I'm sure you know what's coming next: We must, yet again, create the rest of the procedures that implement the recursive-descent parsing of an expression. We all know that the hierarchy of procedures for arithmetic expressions is:
expression term factor |
However, for now let's continue to do things one step at a time, and consider only expressions with additive terms in them. The code to implement expressions, including a possibly signed first term, is shown next:
{ Parse and Translate an Expression }
procedure Expression;
begin
SignedFactor;
while IsAddop(Look) do
case Look of
'+': Add;
'-': Subtract;
end;
end; |
This procedure calls two other procedures to process the operations:
{ Parse and Translate an Addition Operation } procedure Add; begin Match('+'); Push; Factor; PopAdd; end; { Parse and Translate a Subtraction Operation } procedure Subtract; begin Match('-'); Push; Factor; PopSub; end; |
The three procedures Push, PopAdd, and PopSub are new code generation routines. As the name implies, procedure Push generates code to push the primary register (D0, in our 68000 implementation) to the stack. PopAdd and PopSub pop the top of the stack again, and add it to, or subtract it from, the primary register. The code is shown next:
{ Push Primary to Stack } procedure Push; begin EmitLn('MOVE D0,-(SP)'); end; { Add TOS to Primary } procedure PopAdd; begin EmitLn('ADD (SP)+,D0'); end; { Subtract TOS from Primary } procedure PopSub; begin EmitLn('SUB (SP)+,D0'); Negate; end; |
Add these routines to Parser and CodeGen, and change the main program to call Expression. Voila!
The next step, of course, is to add the capability for dealing with multiplicative terms. To that end, we'll add a procedure Term, and code generation procedures PopMul and PopDiv. These code generation procedures are shown next:
{ Multiply TOS by Primary } procedure PopMul; begin EmitLn('MULS (SP)+,D0'); end; { Divide Primary by TOS } procedure PopDiv; begin EmitLn('MOVE (SP)+,D7'); EmitLn('EXT.L D7'); EmitLn('DIVS D0,D7'); EmitLn('MOVE D7,D0'); end; |
I admit, the division routine is a little busy, but there's no help for it. Unfortunately, while the 68000 CPU allows a division using the top of stack (TOS), it wants the arguments in the wrong order, just as it does for subtraction. So our only recourse is to pop the stack to a scratch register (D7), perform the division there, and then move the result back to our primary register, D0. Note the use of signed multiply and divide operations. This follows an implied, but unstated, assumption, that all our variables will be signed 16-bit integers. This decision will come back to haunt us later, when we start looking at multiple data types, type conversions, etc.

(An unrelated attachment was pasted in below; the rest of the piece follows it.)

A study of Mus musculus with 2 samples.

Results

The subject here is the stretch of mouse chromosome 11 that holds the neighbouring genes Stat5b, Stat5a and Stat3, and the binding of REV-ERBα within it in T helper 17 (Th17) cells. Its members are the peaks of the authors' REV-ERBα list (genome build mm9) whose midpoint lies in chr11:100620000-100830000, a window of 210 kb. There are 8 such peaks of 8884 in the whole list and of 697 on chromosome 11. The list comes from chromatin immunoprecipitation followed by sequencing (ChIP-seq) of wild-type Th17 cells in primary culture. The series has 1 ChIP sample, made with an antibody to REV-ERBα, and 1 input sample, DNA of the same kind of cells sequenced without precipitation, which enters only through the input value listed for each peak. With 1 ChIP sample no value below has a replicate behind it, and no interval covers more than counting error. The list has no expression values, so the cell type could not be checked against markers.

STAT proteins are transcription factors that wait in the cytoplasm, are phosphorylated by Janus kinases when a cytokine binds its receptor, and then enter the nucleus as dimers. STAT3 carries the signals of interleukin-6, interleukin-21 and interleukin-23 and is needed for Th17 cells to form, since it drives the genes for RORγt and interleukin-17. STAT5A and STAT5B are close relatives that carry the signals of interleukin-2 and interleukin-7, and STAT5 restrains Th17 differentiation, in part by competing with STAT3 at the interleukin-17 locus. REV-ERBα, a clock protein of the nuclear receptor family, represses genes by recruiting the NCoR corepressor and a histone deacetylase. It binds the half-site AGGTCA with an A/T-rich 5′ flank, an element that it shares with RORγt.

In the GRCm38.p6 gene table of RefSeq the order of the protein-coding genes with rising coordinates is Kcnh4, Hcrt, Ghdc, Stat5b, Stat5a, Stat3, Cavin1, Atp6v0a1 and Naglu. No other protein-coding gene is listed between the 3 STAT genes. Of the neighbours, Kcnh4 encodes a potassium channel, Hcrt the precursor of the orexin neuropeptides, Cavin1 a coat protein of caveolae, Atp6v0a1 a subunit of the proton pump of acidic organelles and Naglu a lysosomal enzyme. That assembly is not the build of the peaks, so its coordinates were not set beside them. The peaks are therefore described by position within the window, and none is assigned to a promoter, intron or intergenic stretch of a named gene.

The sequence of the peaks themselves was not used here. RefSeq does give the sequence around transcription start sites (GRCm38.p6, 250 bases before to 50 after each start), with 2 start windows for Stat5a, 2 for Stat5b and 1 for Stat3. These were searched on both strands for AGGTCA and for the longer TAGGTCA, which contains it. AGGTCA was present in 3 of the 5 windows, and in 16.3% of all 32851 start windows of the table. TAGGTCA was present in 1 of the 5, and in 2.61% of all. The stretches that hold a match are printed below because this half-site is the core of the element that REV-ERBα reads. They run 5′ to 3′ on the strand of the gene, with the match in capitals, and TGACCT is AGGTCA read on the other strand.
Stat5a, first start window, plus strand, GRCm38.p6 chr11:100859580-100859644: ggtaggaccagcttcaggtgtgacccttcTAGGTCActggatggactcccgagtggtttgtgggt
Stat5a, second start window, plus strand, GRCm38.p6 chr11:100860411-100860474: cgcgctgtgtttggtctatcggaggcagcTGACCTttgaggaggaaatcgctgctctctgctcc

Our procedure Term is virtually a clone of Expression, and looks like this:
{ Parse and Translate a Term } procedure Term; begin Factor; while IsMulop(Look) do case Look of '*': Multiply; '/': Divide; end; end; |
Our next step is to change some names. SignedFactor now becomes SignedTerm, and the calls to Factor in Expression, Add, Subtract and SignedTerm get changed to call Term:
{ Parse and Translate a Term with Optional Leading Sign } procedure SignedTerm; var Sign: char; begin Sign := Look; if IsAddop(Look) then GetChar; Term; if Sign = '-' then Negate; end; . . . { Parse and Translate an Expression } procedure Expression; begin SignedTerm; while IsAddop(Look) do case Look of '+': Add; '-': Subtract; end; end; |
If memory serves me correctly, we once had both a procedure SignedFactor and a procedure SignedTerm. I had reasons for doing that at the time ... they had to do with the handling of Boolean algebra and, in particular, the Boolean “not” function. But certainly, for arithmetic operations, that duplication isn't necessary. In an expression like:
-x*y |
it's very apparent that the sign goes with the whole term, x*y, and not just the factor x, and that's the way Expression is coded.
Test this new code by executing Main. It still calls Expression, so you should now be able to deal with expressions containing any of the four arithmetic operators.
Our last bit of business, as far as expressions goes, is to modify procedure Factor to allow for parenthetical expressions. By using a recursive call to Expression, we can reduce the needed code to virtually nothing. Five lines added to Factor do the job:
{ Parse and Translate a Factor } procedure Factor; begin if Look ='(' then begin Match('('); Expression; Match(')'); end else if IsDigit(Look) then LoadConstant(GetNumber) else if IsAlpha(Look)then LoadVariable(GetName) else Error('Unrecognized character ' + Look); end; |
At this point, your “compiler” should be able to handle any legal expression you can throw at it. Better yet, it should reject all illegal ones!